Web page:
When people talk about Japan, they often do so in the context of ‘lost decades’ and warnings of limited growth opportunities. Nearly one-third of the population is over age 65, inflation is stubbornly low and predictions for future economic growth are not encouraging. While talk of demographic doom often dominates headlines about Japan, a recent visit with my research team assured me that it also contains some interesting investment opportunities.
For example, some Japanese companies are coming up with creative solutions to a relatively low-growth domestic environment. Perhaps the best example is Recruit, which Bloomberg recently dubbed “Japan’s Top Contender for Global Internet Domination”*.
Recruit, which has staffing, online human resources and legacy media businesses, is buying growth outside Japan—and by all appearances, doing so successfully. The company has invested heavily in Indeed.com, a Houston-based online job listing company it purchased in 2012, and Glassdoor, a Silicon Valley firm it bought in 2018. In addition to job listings, Glassdoor allows employees to anonymously post reviews of current or former employers, as well as salaries for comparison purposes.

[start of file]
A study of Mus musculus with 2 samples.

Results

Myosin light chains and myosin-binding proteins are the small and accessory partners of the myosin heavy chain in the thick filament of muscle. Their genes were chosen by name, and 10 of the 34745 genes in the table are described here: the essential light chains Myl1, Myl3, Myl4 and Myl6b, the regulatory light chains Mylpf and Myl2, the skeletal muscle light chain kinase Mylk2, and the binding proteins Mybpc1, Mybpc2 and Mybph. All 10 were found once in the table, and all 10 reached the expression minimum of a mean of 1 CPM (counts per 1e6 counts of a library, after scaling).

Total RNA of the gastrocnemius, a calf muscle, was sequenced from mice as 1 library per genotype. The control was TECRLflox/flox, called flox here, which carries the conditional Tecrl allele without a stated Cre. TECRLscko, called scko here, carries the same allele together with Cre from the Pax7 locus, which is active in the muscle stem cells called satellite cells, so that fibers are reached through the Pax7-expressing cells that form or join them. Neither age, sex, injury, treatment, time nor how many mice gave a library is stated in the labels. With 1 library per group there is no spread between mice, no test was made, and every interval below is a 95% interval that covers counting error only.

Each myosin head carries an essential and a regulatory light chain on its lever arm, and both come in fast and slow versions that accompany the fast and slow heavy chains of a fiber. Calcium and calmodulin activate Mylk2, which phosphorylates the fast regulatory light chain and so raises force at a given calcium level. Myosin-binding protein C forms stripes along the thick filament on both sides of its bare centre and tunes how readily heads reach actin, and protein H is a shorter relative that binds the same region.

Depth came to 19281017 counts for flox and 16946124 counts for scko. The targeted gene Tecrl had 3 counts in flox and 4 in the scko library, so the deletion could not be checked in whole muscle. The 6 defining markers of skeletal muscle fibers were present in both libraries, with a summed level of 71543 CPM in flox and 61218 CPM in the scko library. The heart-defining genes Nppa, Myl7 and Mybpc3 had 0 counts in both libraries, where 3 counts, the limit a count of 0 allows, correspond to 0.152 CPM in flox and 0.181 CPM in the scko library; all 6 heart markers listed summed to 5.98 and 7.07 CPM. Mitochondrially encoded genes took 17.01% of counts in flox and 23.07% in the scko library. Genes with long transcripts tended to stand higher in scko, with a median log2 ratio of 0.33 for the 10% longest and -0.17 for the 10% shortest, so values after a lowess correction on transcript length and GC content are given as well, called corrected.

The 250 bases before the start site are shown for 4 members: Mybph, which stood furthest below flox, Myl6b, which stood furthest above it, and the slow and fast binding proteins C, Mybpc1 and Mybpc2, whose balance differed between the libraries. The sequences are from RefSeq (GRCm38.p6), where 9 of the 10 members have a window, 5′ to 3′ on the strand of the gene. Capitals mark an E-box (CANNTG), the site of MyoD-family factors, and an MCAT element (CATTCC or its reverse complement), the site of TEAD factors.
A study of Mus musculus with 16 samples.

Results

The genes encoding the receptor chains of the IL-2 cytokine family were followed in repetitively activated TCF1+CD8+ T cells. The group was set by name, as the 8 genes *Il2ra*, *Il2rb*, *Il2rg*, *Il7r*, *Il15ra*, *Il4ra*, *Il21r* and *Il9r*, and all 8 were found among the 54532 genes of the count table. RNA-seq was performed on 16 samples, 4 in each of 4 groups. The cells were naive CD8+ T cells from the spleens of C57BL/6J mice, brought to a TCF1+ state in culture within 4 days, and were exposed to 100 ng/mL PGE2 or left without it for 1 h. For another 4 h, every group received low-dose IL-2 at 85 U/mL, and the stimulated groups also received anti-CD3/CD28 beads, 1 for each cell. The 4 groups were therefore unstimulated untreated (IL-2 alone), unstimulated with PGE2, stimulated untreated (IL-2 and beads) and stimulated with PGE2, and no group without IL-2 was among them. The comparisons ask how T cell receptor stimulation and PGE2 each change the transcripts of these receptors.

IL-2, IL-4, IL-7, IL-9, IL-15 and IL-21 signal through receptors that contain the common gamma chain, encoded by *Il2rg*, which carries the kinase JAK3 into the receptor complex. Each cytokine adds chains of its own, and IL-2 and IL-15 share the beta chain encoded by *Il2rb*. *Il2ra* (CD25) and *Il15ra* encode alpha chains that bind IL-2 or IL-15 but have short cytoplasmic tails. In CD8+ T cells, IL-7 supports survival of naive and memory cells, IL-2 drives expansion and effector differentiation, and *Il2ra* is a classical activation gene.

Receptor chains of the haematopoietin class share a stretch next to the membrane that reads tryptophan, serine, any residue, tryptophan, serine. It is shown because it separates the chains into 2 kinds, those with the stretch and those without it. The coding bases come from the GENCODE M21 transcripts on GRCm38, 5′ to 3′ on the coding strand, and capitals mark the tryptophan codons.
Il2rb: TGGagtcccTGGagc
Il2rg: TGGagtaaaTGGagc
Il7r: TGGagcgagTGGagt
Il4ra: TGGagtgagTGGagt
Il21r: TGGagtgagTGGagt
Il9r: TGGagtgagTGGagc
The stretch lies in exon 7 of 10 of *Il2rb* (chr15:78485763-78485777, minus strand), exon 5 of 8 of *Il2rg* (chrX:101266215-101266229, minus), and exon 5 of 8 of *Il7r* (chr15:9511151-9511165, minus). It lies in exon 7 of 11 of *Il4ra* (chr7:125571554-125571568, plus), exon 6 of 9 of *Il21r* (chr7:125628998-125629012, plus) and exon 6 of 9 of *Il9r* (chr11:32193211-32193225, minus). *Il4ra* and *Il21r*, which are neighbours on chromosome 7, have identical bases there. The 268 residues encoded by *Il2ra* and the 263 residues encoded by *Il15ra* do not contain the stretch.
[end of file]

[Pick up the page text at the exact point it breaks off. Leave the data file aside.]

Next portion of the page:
Indeed has snatched market share from Monster, another American job listing site, and is the number-one source for job listings in every developed market except Australia and Germany. Glassdoor, too, is making an international push.
As a corporate parent, Recruit has maintained a remarkably hands-off approach to management, preserving the innovation and growth that made Indeed and Glassdoor attractive businesses to begin with. Only LinkedIn poses serious competition to the two companies in the online recruitment and job-seeking businesses.